Records of expenditures from Mayor Marion Barry's ceremonial fund were released to The Washington Post last week as a result of a 14-month legal battle that included a last-ditch attempt by city officials to block The Post from publishing any reports on the expenditures.

City officials had asked for a protective order for the documents, which Post attorneys said was actually a request for prior restraint of the press, and said that publication of details about the expenditures at the same time they are under investigation by a federal grand jury could hamper "the government's ability to conduct its business."

"Their {The Post's} reporters will be able to write and speculate and possibly create more mischief," Frederick D. Cooke Jr., the city's acting corporation counsel, argued in a hearing Wednesday before D.C. Superior Court Judge Gladys Kessler.

It was the penultimate twist in the lawsuit, which was filed in July 1986 after the city refused to turn over records of expenditures from the mayor's ceremonial fund between October 1982 and July 1986, pursuant to a Freedom of Information Act request.

Only when the documents on the ceremonial fund were released to Post attorneys late Friday was it learned that the city apparently does not have any documents on expenditures from the mayor's ceremonial fund from October 1982 to June 1984.

The affidavit filed by George Thomas III, controller of the mayor's executive office, left it unclear when the city discovered that many documents were missing. The affidavit disclosed that the city had edited out most names contained in the documents, other than the mayor's and those of his staff.

The Post's attorney, Nancy Priess, said yesterday that it was uncertain whether additional legal action might be taken to obtain the information. "I can't say without conducting an examination to determine what wasn't handed over versus what simply doesn't exist," Priess said.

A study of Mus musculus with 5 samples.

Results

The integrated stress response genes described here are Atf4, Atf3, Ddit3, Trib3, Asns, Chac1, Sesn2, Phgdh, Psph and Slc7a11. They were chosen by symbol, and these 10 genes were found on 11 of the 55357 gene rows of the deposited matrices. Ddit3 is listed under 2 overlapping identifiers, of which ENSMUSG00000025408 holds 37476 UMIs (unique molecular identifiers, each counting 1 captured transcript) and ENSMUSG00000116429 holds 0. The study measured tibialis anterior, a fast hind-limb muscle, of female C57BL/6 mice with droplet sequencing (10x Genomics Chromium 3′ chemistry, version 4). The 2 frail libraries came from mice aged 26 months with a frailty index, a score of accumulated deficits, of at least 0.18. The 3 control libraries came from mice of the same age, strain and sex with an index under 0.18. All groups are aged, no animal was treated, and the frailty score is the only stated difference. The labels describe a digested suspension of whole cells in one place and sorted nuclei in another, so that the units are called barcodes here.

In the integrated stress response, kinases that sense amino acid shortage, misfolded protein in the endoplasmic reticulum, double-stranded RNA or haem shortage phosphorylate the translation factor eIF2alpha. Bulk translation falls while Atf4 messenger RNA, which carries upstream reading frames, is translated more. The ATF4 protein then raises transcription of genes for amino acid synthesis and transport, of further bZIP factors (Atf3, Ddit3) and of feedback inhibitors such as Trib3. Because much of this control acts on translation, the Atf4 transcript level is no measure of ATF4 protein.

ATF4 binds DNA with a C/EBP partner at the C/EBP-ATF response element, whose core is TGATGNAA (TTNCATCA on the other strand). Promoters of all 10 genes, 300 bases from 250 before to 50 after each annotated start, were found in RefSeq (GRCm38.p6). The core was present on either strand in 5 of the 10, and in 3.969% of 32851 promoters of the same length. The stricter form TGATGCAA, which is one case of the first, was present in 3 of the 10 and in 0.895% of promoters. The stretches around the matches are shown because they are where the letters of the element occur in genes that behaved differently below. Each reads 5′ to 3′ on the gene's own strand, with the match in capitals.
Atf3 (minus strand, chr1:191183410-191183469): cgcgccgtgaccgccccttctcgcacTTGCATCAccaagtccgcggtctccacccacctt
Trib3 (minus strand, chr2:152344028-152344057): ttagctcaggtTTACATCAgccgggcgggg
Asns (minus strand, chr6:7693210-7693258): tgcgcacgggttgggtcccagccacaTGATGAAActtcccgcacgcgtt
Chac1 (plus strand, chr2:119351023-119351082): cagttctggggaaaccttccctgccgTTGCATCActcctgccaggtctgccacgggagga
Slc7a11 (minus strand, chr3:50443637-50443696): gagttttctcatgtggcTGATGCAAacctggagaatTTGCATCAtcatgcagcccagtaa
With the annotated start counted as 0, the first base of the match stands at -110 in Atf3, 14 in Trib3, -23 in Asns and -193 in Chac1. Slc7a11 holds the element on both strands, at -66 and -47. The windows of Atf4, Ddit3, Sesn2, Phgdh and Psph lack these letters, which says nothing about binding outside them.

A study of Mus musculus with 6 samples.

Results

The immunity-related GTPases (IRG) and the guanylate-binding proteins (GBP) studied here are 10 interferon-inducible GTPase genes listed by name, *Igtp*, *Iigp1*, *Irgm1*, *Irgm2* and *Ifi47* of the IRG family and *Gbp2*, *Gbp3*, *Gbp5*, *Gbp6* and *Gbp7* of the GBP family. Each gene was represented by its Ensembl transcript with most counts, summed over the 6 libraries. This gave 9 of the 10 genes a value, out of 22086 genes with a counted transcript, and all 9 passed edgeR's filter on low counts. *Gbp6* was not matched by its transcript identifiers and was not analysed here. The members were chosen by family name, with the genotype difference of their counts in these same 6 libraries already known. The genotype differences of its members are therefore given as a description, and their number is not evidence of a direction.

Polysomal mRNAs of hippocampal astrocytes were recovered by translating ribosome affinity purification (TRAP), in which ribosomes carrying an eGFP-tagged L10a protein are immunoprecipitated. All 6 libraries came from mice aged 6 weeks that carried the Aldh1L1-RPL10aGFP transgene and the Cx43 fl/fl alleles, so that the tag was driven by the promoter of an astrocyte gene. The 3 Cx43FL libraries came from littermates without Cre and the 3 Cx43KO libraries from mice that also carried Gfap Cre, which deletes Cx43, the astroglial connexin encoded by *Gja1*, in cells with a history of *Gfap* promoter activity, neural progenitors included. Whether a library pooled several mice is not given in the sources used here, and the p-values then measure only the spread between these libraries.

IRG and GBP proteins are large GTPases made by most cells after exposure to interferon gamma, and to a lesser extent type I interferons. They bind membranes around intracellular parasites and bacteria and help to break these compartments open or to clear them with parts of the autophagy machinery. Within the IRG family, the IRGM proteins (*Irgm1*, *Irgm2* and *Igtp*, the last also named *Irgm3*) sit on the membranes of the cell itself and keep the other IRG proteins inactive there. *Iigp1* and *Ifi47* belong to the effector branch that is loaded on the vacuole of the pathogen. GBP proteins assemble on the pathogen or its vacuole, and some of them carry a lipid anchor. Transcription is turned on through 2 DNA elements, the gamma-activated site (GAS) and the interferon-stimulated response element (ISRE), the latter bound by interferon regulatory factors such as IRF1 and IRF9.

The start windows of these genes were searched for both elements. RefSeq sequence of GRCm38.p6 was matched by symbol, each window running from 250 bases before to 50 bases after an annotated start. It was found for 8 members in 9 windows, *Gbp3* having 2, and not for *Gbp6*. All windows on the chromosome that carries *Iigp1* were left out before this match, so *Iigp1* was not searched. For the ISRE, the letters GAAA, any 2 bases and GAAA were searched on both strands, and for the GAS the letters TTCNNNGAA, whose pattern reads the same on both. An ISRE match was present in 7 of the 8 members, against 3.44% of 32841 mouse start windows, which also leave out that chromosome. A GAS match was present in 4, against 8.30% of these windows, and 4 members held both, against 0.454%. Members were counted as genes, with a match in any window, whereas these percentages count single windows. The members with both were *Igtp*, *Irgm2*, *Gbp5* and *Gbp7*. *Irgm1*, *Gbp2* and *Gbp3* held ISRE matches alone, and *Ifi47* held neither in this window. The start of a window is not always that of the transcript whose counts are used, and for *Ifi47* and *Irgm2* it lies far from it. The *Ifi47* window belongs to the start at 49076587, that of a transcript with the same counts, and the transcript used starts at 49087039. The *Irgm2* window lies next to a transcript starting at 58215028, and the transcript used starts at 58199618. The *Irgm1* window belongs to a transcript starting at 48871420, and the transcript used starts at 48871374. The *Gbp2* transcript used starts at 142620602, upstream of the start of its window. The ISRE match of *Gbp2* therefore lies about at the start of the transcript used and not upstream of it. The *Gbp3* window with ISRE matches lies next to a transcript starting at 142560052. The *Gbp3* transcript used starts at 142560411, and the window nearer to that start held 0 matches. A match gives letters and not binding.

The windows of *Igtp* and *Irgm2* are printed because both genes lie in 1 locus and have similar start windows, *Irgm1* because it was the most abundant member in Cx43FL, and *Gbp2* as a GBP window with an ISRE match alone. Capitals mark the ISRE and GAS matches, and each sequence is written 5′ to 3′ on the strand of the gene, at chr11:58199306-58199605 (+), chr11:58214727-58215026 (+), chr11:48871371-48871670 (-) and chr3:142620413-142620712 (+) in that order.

It is at least the second time that the newspaper has discovered that elements were missing from records turned over by the city in connection with the suit.

The first occurred last summer, shortly after the suit was filed, when Barry's then-Chief of Staff Carol Thompson delivered several documents to the newspaper along with a letter stating that the city had "exceeded the demands of the law."

But in a deposition 23 days later, Thompson revealed that city officials had never intended to turn over the ceremonial fund documents, and that they did not plan to tell anyone that the documents were not being handed over.

Kessler later imposed sanctions on the city for filing a motion to dismiss the lawsuit on the grounds that it had delivered the documents and there was no longer a need for legal action, when city officials knew that they continued to withhold materials that had been requested.

The city argued that The Post should have realized that documents relating to the ceremonial fund were being withheld because documents for the fund had been withheld when The Post made a similar but separate request in 1982.

Kessler said the argument lacked candor and that the city was not abiding by its own freedom of information law.

"It must be remembered that at the time a {Freedom of Information Act} request is submitted, the government has a tremendous advantage in that only it knows what documents it has and which of those may be responsive to the request," Kessler said in a Dec. 12 opinion imposing sanctions on the city.

" . . . Unaware that certain information was not provided, the public inquirer would have no realistic opportunity to even challenge the legal theories for the nondisclosure of documents," Kessler said.

The judge ruled on March 9 that the documents relating to the mayor's ceremonial fund were not subject to legitimate exemptions under the Freedom of Information Act and ordered the city to turn over the information.

The city asked the court to delay the order, but Kessler turned down the request. City lawyers then asked for a stay pending appeal in the D.C. Court of Appeals. Post lawyers agreed not to press for delivery of the documents while the case was before the appeals court.

The appeals court denied the stay on Aug. 10, ruling that the city had not met the legal requirement for showing that irreparable harm would result from disclosure of the ceremonial and security fund records.

The documents on the ceremonial fund then were to be released Aug. 25, but the newspaper agreed to a delay until Aug. 28, providing that the information would be delivered.

Two Washington Post reporters waited five hours that Friday at the corporation counsel's office. At 6 p.m., they were told that the city had asked Kessler to issue an emergency order stating that the documents did not have to be relinquished or, if they had to be turned over, prohibiting The Post from disclosing their content in a news story.